Outreach workers help families tune in to health.
Excessive screen time combined with other unhealthy behaviors can lead to obesity in children.
It’s as old as tribal society and as contemporary as Barack Obama’s presidential campaign.
The use of citizen advocates to effect social change is a proven recipe for success, not only in politics, but also in a variety of other arenas. Within tight-knit communities, neighborhood activists are more powerful catalysts for change than mass media campaigns or appeals from unfamiliar “experts.”
This is particularly true in the field of public health, where a handful of local outreach workers–known as promotoras in Latino culture–can multiply the impact of beneficial programs across an entire community.
Twenty years ago, John P. Elder, San Diego State professor of public health, incorporated the promotora model into a health promotion program in the South Bay community of San Ysidro. Not only did that project prove remarkably effective at the time; several of its components remain in place at the San Ysidro Health Center today.
Get with the program
Currently, Elder directs Aventuras para Niños, a $3.6-million, National Institutes of Health-funded initiative to reduce childhood obesity in South Bay communities. Project staff easily found promotoras to make home visits and talk to parents about the value of exercise, healthy eating and limited screen time for children.
But it took a year to find a second group willing to knock on the doors of the school principals and city and county officials.
“The single most important element of this project,” Elder said, “was to finally find these four courageous Latino women determined to ask the city for $450,000 to clean up neglected public parks. And they succeeded. We gave them the training and the personal reinforcement, but they did it.”
Elder joined the Graduate School of Public Health (GSPH) in 1984, just three years after it welcomed its first degree candidates. From day one, he fostered the school’s commitment to serving diverse national and international populations, particularly San Diego’s growing Latino community.
In fact, Elder and his former students, several of whom are now GSPH faculty, were among the first researchers to verify a spike in obesity, heart disease, asthma, diabetes and other chronic diseases among San Diego’s Latino population.
They identified possible culprits–lack of access to parks and playing fields, greater numbers of fast food outlets in urban Latino communities, excessive screen time and, among children, repeated exposure to television’s barrage of ads for high-fat and sugary foods.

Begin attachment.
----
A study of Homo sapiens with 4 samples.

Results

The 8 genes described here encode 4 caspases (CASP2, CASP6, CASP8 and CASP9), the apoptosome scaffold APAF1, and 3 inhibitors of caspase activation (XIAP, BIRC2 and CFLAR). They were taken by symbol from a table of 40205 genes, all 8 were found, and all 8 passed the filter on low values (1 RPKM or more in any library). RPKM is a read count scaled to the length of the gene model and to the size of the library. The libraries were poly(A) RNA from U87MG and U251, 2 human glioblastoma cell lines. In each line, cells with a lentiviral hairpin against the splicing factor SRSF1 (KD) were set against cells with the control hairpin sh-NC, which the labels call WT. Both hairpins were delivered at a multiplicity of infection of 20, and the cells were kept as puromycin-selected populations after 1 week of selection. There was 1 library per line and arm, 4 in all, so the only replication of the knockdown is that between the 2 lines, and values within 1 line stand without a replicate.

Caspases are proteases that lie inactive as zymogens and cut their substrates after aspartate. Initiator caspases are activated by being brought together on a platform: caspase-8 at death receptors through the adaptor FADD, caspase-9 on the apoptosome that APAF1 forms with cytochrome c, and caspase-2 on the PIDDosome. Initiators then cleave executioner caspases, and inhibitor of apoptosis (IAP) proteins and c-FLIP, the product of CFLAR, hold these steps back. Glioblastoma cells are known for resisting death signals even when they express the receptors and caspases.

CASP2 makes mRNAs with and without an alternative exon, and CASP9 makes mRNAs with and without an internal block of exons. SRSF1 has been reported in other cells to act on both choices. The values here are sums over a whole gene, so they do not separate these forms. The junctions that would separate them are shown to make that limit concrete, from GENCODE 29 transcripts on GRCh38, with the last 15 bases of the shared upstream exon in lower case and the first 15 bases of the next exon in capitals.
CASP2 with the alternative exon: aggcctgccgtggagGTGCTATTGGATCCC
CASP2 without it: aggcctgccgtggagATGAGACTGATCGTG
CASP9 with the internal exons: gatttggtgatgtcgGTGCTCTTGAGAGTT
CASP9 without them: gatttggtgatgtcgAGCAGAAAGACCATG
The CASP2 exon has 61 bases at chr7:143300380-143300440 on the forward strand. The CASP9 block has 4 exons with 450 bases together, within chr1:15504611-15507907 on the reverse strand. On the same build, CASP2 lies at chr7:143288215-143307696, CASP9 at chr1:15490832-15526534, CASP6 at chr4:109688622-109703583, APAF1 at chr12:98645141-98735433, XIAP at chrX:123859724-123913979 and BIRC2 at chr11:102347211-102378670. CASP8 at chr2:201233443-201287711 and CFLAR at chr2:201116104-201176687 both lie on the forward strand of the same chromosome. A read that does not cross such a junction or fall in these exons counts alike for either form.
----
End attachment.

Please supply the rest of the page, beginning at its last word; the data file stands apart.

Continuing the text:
Recognizing the harmful behaviors was just a first step. More important were the twin tasks of taking these results to the community and motivating Latino families to change the habits that compromised their health.
Syndicating good health
Enter Elder’s team of public health researchers. They collaborated with the San Ysidro Health Center to initiate Salsa, an ambitious project designed to reverse poor nutritional habits among San Diego’s low-income Latinos.
Salsa staff disseminated basic health information to the community through Spanish-language newspapers and point-of-purchase materials. The messages were reinforced with meal preparation classes, school health and cafeteria programs and coronary risk factor screenings offered by the health center.
Then, Elder and his team folded a vital ingredient into the Salsa mix–the use of promotoras or local outreach workers charged with increasing awareness of the program within the community.
“It was the first time we used promotoras in San Diego, and it has been the springboard to almost all the work we’ve done since,” Elder said.
Not only has Elder employed promotoras in San Diego; he has also relied on outreach workers in dozens of countries around the world to spread current information related to alcohol abuse, maternal and child health, HIV/AIDS prevention and vector-borne diseases.
“Thousands of people worldwide can attribute their good health to the practice of John Elder’s models of healthy behavior,” attested Thomas R. Scott, vice president of research for SDSU.
In recognition of his work, Elder has been named Distinguished Professor of Public Health and the winner of the 2009 Albert W. Johnson Research Lectureship, an annual award honoring outstanding achievement in research and scholarship by an SDSU faculty member.